Saturday, August 1, 2009

The Things He Carried

The heaviest burdens are carried in the heart.

For much too long I carried around quiet (but heavy) shame in my heart at my participation in our throw-it-away culture. Particularly galling to me was attending dinners benefitting "green" and "environmental" causes. Guess what? Around here, green dinners are too often served on throw-away or "recyclable" paper plates and plastic knives, forks, and spoons. The amount of waste is staggering, even among the "conscious" community.

My personal hypocrisy burdened me.

Throw it away?

"On our small and precious green planet, there is no away to which things may be thrown, Dan." Oh, that inner voice! So damn grammatical. I can't not listen to it; it won't go away. Oh yeah. There is no away. Finally, I couldn't stand it any more. I took action.


See the bag I carry?



Inside there is a stainless steel bottle.
No more plastic "use'em once" water bottles for me. Oh no.





Open the hidden inner pouch...




And VoilĂ ! A plate and bandanna.
My daughter illustrated the plate when she was in kindergarten.




And a Swiss Army knife, in case there's a bottle of wine involved.
What's rolled in the bandanna?





You knew. A bamboo knife, fork, and spoon and a nice set of walnut chopsticks.




And just in case, an all-purpose bamboo spork.

My bag's heavier; my heart is lighter.

9 comments:

steven said...

dan, i love this. brilliant. simple. i have no idea where to find the wooden utensils but that's what this macbook's good for. digging up things like that. thanks for this. steven

Small Footprints said...

Oh brilliant! I love this idea! One of my followers makes "totes" for cutlery and even glass straws (so she never has to use the plastic variety). Here's her blog: http://caroneko.blogspot.com/ If I remember correctly, she once talked about where to get bamboo cutlery and glass straws.

Thanks for sharing this!

Small Footprints
http://reducefootprints.blogspot.com

Sarah Lulu said...

Dan I love it ...

My three children also made those plates in kindergarten and I still have them too!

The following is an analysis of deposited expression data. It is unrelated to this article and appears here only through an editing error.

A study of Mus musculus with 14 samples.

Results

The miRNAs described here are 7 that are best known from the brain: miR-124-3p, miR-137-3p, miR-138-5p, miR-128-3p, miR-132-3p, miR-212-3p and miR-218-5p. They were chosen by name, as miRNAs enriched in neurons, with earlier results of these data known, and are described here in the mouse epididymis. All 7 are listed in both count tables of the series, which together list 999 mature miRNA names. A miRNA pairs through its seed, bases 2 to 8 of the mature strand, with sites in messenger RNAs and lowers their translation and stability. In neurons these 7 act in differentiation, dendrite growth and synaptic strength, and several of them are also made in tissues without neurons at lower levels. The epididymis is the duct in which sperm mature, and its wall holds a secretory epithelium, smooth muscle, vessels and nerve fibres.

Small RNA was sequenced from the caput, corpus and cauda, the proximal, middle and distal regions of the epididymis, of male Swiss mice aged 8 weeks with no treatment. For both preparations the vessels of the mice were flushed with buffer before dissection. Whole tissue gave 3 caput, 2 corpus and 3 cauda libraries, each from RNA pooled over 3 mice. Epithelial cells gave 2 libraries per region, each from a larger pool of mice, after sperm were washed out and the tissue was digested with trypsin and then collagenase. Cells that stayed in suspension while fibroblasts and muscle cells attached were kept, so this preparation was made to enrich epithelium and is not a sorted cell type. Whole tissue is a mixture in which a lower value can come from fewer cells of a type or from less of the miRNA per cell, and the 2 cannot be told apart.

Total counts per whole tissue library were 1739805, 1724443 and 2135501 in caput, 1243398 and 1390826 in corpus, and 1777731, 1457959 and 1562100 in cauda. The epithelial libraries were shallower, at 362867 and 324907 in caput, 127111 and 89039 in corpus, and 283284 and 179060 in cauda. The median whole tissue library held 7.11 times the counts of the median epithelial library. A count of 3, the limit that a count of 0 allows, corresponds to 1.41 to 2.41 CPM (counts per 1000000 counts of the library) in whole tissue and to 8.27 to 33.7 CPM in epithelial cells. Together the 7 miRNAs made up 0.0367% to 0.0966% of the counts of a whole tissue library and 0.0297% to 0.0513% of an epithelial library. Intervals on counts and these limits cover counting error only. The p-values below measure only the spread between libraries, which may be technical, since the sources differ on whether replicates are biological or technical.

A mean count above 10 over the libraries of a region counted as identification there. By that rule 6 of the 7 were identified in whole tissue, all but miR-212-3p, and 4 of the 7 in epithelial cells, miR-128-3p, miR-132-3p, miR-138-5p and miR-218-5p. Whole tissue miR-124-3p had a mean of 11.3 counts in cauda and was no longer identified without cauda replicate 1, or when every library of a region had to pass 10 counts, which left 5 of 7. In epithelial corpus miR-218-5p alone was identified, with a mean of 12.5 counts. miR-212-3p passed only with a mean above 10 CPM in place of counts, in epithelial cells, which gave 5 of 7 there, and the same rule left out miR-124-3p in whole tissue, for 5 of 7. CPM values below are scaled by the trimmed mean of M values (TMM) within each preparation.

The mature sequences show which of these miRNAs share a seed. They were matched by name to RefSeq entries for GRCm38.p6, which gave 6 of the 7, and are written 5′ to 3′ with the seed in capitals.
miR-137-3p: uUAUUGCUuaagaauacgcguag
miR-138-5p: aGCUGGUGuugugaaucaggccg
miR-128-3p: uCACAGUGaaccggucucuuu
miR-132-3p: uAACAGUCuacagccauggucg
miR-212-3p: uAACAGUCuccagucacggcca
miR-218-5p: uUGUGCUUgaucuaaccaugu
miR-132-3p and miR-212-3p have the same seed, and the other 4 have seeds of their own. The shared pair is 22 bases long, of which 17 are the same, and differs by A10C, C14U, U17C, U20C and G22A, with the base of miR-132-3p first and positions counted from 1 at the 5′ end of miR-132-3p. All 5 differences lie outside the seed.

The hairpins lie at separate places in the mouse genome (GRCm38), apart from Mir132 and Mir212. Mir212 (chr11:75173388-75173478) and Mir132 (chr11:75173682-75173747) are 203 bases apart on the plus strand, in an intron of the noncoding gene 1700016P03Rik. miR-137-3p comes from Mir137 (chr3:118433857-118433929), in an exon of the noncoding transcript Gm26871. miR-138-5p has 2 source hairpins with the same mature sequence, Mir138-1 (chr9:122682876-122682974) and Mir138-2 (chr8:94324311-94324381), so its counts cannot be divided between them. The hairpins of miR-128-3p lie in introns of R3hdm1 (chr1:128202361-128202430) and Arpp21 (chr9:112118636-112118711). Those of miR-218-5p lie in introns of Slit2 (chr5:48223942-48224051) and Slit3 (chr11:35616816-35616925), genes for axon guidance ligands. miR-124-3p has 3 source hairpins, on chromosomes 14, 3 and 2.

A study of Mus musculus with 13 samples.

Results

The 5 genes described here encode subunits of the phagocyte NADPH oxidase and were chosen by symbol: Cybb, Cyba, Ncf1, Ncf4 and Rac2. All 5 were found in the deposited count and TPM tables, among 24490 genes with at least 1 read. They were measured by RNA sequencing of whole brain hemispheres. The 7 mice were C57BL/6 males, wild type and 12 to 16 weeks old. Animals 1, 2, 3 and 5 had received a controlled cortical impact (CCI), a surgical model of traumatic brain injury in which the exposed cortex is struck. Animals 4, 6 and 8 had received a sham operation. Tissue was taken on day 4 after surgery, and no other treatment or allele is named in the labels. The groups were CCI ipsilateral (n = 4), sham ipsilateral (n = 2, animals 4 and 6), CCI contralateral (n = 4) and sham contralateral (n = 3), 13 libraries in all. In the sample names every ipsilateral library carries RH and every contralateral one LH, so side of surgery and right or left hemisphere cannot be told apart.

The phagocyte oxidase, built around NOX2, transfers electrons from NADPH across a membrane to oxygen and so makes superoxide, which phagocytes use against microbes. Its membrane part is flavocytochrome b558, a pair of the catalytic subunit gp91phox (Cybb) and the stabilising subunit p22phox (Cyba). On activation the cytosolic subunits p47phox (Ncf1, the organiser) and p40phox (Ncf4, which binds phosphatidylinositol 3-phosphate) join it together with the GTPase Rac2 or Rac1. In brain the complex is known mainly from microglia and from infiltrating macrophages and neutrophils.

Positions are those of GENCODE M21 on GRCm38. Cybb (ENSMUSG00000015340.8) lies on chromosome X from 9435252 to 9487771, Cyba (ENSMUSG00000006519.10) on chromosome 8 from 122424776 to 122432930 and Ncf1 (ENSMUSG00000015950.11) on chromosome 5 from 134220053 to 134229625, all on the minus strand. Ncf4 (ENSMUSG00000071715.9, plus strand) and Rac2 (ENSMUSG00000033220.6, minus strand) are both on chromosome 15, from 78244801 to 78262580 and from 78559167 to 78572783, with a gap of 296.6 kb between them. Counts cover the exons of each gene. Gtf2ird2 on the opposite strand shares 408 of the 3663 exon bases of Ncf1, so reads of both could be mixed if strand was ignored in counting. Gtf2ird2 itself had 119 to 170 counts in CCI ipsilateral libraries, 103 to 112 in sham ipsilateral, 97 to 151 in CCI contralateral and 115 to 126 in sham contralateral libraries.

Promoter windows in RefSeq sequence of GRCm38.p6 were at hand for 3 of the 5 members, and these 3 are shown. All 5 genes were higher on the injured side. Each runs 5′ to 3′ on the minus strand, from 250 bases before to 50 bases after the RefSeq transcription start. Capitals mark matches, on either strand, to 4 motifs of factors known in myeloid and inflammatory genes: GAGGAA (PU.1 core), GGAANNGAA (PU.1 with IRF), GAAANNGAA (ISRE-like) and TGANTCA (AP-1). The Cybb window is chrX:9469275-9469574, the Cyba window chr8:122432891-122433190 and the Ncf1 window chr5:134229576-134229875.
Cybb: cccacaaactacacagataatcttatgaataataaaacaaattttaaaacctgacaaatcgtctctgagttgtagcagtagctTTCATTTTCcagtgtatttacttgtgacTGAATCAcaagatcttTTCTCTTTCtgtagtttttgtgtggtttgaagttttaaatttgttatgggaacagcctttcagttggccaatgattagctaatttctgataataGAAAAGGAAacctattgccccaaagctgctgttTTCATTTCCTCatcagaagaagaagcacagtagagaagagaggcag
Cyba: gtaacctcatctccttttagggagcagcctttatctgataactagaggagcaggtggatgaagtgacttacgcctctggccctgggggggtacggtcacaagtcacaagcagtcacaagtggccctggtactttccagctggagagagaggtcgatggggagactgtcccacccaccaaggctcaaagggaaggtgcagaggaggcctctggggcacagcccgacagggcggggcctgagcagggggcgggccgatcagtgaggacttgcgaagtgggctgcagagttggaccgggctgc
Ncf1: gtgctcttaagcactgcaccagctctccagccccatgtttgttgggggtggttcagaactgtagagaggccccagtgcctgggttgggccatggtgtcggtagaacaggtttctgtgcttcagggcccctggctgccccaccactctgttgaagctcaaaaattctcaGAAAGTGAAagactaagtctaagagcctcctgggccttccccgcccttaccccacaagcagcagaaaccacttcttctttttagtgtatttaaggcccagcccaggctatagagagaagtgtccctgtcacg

Delwyn said...

Hi Dan

yes we had a series of those plates too... a great idea.

I am always a little surprised when people smugly whip out their green shopping bags at the supermarket. I know they think they are helping but the bags are made in China and the pollution from Chinese factories is staggering...It drifts down over Hong Kong sometimes completely enshrouding it...
I read the green bags cause more damage than the plastic to the environment. I hope that is not true...

Happy days

Margie said...

Hi Dan
I don't know how I came across your blog but I am so glad I did as I so enjoy it!
I did some reading through your previous posts...again, enjoyed each one!

This post is great!
My hubby just headed out for a bike ride & he took a refillable bottle for his water.
Does that all the time now, and I'm very glad about that!

Now, I have to search in my basement to look for the plates my children made while in kindergarden.

Have a great day!

Margie:)

Dan Gurney said...
This comment has been removed by the author.
Margaret Pangert said...

Dan, you set a good example! I like the reusable water bottle--I feel guilty every time I throw out a plastic bottle. Plus we have a well so I wouldn't even have to drink the questionable water. What strikes me as odd is our ancestors routinely did what you're doing. How did we lose these precepts?

Dan Gurney said...

Steven you can get them online here:

http://www.bambu-batu.com

Look in kitchen utensils.

This is the online store associated with the retail (bricks and mortar) store where I got them.

Dan Gurney said...

Margaret, I don't know exactly how we lost our way so thoroughly, but I think it had to do with the postwar effort to keep industry humming. In the 30s people bought things that would last a lifetime, or tried to. By the late fifties, we came to believe that we needed the latest and greatest and were willing to throw stuff away.